Overview

Impact vs. Efficiency

News
October 7, 2021

Written by Alexa Langford, VP, Giving Science, One & All

An anecdote I read recently about fundraising for social good organizations really struck me.

Consider two organizations serving hot meals to the homeless:

  • Organization A has poor facilities, cheap food, and minimal training.
  • Organization B has well-maintained facilities, focuses on nutritious foods, and trains their staff in excellent culinary practices.

Both organizations fundraise to their strengths. Organization A focuses on their efficiency with a tagline such as “95% of your dollars go directly toward food for the homeless! We don’t waste your money on overhead!” Organization B focuses on their impact on the community with a tagline such as, “With our teaching kitchen, we are feeding our underserved neighbors, while providing life skills to those in need.” Which approach is more effective for fundraising? The short answer is, “It depends.”

This contrast spurred my curiosity to question how impact versus efficiency affects nonprofit operations and fundraising. I looked to the experts—our insightful clients who live and breathe these conversations daily.

In talking with Chris McGown, Director of Donor Communications and Engagement at The Salvation Army Kentucky/Tennessee Division, he pointed out that the discussion of efficiency versus impact with supporters is “a really delicate balance. The Food Pantry is a highly efficient program that’s easy to shout from the rooftops. We have other programs, like Renewal Place in Memphis that help women moving through addiction. It’s very expensive—but also very effective long term.” He also talked about how it can be more difficult to gather support for programs that help the individual versus building up the community, stressing that, “We (often) have to extrapolate to how helping one family really is effective at building community through (preventing) recidivism. We downplay the cost.”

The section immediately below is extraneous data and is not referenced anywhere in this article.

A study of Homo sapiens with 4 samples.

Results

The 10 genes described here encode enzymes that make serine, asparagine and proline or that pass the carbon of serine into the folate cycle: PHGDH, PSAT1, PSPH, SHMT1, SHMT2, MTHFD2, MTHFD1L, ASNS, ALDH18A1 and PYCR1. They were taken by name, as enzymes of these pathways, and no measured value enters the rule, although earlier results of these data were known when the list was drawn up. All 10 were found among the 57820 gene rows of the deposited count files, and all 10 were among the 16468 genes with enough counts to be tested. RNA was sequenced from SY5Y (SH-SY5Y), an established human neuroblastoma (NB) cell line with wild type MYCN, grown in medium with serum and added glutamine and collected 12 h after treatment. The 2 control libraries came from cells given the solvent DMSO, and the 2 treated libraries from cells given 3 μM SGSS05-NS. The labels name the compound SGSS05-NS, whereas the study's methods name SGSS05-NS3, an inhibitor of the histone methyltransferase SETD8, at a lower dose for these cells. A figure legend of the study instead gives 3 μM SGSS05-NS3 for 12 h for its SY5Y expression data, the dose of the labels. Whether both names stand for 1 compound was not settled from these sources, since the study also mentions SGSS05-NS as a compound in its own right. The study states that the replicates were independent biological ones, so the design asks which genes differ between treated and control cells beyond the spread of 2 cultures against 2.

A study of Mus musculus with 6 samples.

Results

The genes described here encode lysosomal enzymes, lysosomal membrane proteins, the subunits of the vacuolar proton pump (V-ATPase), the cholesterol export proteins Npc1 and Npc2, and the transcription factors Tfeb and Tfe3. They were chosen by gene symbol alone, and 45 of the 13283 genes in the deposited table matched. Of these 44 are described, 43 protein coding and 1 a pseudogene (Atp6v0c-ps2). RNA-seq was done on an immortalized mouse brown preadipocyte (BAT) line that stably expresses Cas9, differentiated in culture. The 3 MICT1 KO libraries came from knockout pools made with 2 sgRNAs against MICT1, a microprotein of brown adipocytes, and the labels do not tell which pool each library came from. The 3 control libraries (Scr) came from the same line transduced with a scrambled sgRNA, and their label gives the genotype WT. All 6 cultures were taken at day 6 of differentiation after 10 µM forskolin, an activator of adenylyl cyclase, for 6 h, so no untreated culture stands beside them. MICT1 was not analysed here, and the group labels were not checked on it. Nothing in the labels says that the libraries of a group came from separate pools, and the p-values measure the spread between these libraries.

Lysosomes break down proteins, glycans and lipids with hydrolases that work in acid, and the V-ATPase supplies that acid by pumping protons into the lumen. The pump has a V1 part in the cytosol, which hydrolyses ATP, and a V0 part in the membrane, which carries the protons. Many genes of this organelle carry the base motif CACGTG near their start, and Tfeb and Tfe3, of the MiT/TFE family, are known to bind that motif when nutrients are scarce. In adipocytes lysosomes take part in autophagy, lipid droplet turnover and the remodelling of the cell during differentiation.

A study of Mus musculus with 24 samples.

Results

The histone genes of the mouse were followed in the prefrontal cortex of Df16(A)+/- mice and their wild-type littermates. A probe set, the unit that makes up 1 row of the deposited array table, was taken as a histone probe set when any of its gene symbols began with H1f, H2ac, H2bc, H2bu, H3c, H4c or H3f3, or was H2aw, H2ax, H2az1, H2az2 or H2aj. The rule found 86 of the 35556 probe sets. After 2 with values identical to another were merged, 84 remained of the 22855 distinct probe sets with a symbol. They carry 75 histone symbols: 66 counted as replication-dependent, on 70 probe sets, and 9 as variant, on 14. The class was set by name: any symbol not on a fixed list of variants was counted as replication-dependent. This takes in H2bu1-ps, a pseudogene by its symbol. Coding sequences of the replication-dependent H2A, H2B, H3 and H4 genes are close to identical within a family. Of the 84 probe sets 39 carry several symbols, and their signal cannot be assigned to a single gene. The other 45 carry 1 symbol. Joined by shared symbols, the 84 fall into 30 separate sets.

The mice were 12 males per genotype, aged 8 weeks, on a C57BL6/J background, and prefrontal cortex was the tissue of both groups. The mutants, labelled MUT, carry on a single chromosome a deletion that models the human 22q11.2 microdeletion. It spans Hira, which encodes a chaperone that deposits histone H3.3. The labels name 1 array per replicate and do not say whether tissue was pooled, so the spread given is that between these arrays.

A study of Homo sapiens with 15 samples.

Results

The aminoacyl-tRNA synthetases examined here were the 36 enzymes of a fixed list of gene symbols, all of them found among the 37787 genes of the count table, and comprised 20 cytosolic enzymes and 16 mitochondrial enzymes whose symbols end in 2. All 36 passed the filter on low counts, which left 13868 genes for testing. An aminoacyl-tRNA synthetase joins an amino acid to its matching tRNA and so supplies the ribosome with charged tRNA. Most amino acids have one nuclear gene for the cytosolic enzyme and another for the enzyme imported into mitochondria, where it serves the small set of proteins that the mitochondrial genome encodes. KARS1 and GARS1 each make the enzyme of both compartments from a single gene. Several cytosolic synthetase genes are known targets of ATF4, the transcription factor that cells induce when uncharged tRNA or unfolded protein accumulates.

This is a much more complex view than just a simple dichotomy. It speaks to the power of knowing your audience

One & All’s annual DonorGraphics survey dives deep into the philanthropic behaviors of Americans who give charitably. When supporters are asked how they evaluate the charitable organizations they give to*. Impact is perennially the most important factor, with 47% of respondents choosing it as most important in 2021. Need was second-most important at 37% (up seven points during the pandemic), and efficiency was least important at 16%. However, it varies significantly by generation—with Millennials placing the highest value on impact. While Seniors still place the highest value on impact, efficiency is much more relevant. Age remains one of the most discriminating factors in audience definition.

Clearly, there’s not a one size fits all approach. Chris also touched on the different offers that appeal to different types of supporters. “We focus on promoting hope and lives changed for $250+ donors. Really large donors are often interested in solving specific problems and pigeon-hole (their gifts).” Like The Salvation Army, most nonprofits have different messaging for their different audiences—and our research coupled with decades of experience bears out that each supporter interaction requires nuance and intention.

If you’re looking to start investigating how impact and efficiency affect your organization, make sure you have a plan and defined KPIs. Consider message testing and slicing your results by different demographic angles. The results will likely vary by platform; what works on Facebook may not work in direct mail as those audiences are quite different. You can also do a demographic append of your donor file, allowing you to analyze results and see trends through a persona or audience-based lens. And, as Chris would advise to anyone in fundraising, “Talk to your donors!”

If you’re looking for guidance, One & All can help you craft a plan, set up testing, and analyze the results.


*Source: One & All’s DonorGraphics 2021.  Base: U.S. donors (adults who are 12-month active donors), n=1,408.